Australia: Queensland Health Researchers Claim ‘Long COVID’ Isn’t Real, Calls It ‘Unnecessary Fear’

A Health Care Worker seals a coronavirus swab after testing at the Pro Health Urgent Care coronavirus testing site on April 30, 2020 in Wantagh, New York. (Photo by Al Bello/Getty Images)

OAN’s Brooke Mallory
6:10 PM – Friday, March 15, 2024

According to Australian medical researchers at Queensland Health, the term “long COVID” should be thrown out and not taken seriously from this point forward, since the symptoms of those who have claimed to be afflicted for at least a year were no different from those of any ordinary virus, like the flu.


The government-sponsored medical researchers in Australia insinuated that the term is merely an excuse for those with poor immune systems and memory issues.

The phrase gained popularity when a large number of individuals who tested positive for COVID-19 experienced an increase in “virus fatigue symptoms,” which are typically mild and would have gone unreported, according to South West News Service.

“We believe it is time to stop using terms like ‘long COVID,’” said Dr. John Gerrard, Queensland’s Chief Health Officer, who examined the study. “This terminology can cause unnecessary fear, and in some cases, hyper-vigilance to longer symptoms that can impede recovery,” Gerrard warned.

To come to their conclusion, Queensland Health researchers polled 5,112 patients with “long COVID” symptoms who were 18 years of age or older.

The subjects reported feeling weary, dizzy, coughing, shortness of breath, brain fog, with rapid or irregular pulses and changes in taste and smell. Researchers selected the participants from a group of Australians who had tested positive or negative for COVID-19 in late spring 2022, and then one year later, they asked them about their symptoms and overall health.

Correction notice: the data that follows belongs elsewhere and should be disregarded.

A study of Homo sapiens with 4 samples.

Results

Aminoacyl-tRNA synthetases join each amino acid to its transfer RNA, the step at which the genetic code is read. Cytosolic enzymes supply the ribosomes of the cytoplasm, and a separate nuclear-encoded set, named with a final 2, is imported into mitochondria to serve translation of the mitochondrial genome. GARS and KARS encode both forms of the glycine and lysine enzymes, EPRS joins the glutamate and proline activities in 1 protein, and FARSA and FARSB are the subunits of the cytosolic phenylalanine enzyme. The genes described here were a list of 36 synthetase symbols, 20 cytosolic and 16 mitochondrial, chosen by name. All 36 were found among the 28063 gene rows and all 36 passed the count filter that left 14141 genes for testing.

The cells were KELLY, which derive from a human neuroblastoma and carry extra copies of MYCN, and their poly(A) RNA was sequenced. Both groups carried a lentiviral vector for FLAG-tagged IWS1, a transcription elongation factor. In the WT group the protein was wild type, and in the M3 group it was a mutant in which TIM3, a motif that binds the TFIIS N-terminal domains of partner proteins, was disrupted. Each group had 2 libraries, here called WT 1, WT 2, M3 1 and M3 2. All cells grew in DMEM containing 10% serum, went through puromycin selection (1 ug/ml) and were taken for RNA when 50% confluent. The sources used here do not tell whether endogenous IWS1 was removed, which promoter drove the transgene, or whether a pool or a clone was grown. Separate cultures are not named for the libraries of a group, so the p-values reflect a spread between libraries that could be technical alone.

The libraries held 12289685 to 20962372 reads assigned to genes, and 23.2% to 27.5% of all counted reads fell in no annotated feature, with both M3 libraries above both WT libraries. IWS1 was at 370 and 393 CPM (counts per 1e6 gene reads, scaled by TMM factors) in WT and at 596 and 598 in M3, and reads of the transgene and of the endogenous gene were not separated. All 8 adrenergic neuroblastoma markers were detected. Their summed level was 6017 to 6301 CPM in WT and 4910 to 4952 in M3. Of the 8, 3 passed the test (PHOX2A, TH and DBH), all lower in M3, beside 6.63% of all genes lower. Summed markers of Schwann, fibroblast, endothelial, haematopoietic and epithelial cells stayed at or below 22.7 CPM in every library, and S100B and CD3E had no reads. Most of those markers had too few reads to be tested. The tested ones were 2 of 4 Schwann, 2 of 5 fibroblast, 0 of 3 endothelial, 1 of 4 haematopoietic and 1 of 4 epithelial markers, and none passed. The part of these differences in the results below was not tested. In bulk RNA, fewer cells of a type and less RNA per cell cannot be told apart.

In the spring of 2023, 16% percent of respondents reported symptoms, and three percent claimed they had “moderate-to-severe functional impairment” in their day-to-day activities.

“No evidence was found that adults who tested positive in 2022 were experiencing this increased level of impairment at a higher rate than those who tested negative or those who simply had the flu,” according to The Post.

The completed manuscript of the findings is scheduled for a presentation at the European Congress of Clinical Microbiology and Infectious Diseases in Barcelona, Spain, sometime in 2024.

“In health systems with highly vaccinated populations, long COVID may have appeared to be a distinct and severe illness because of high volumes of COVID-19 cases during the pandemic,” Gerrard said.

“However, we found that the rates of ongoing symptoms and functional impairment are indistinguishable from other post-viral illnesses,” he added.

“These findings underscore the importance of comparing post-COVID-19 outcomes with those following other respiratory infections, and of further research into post-viral syndromes.”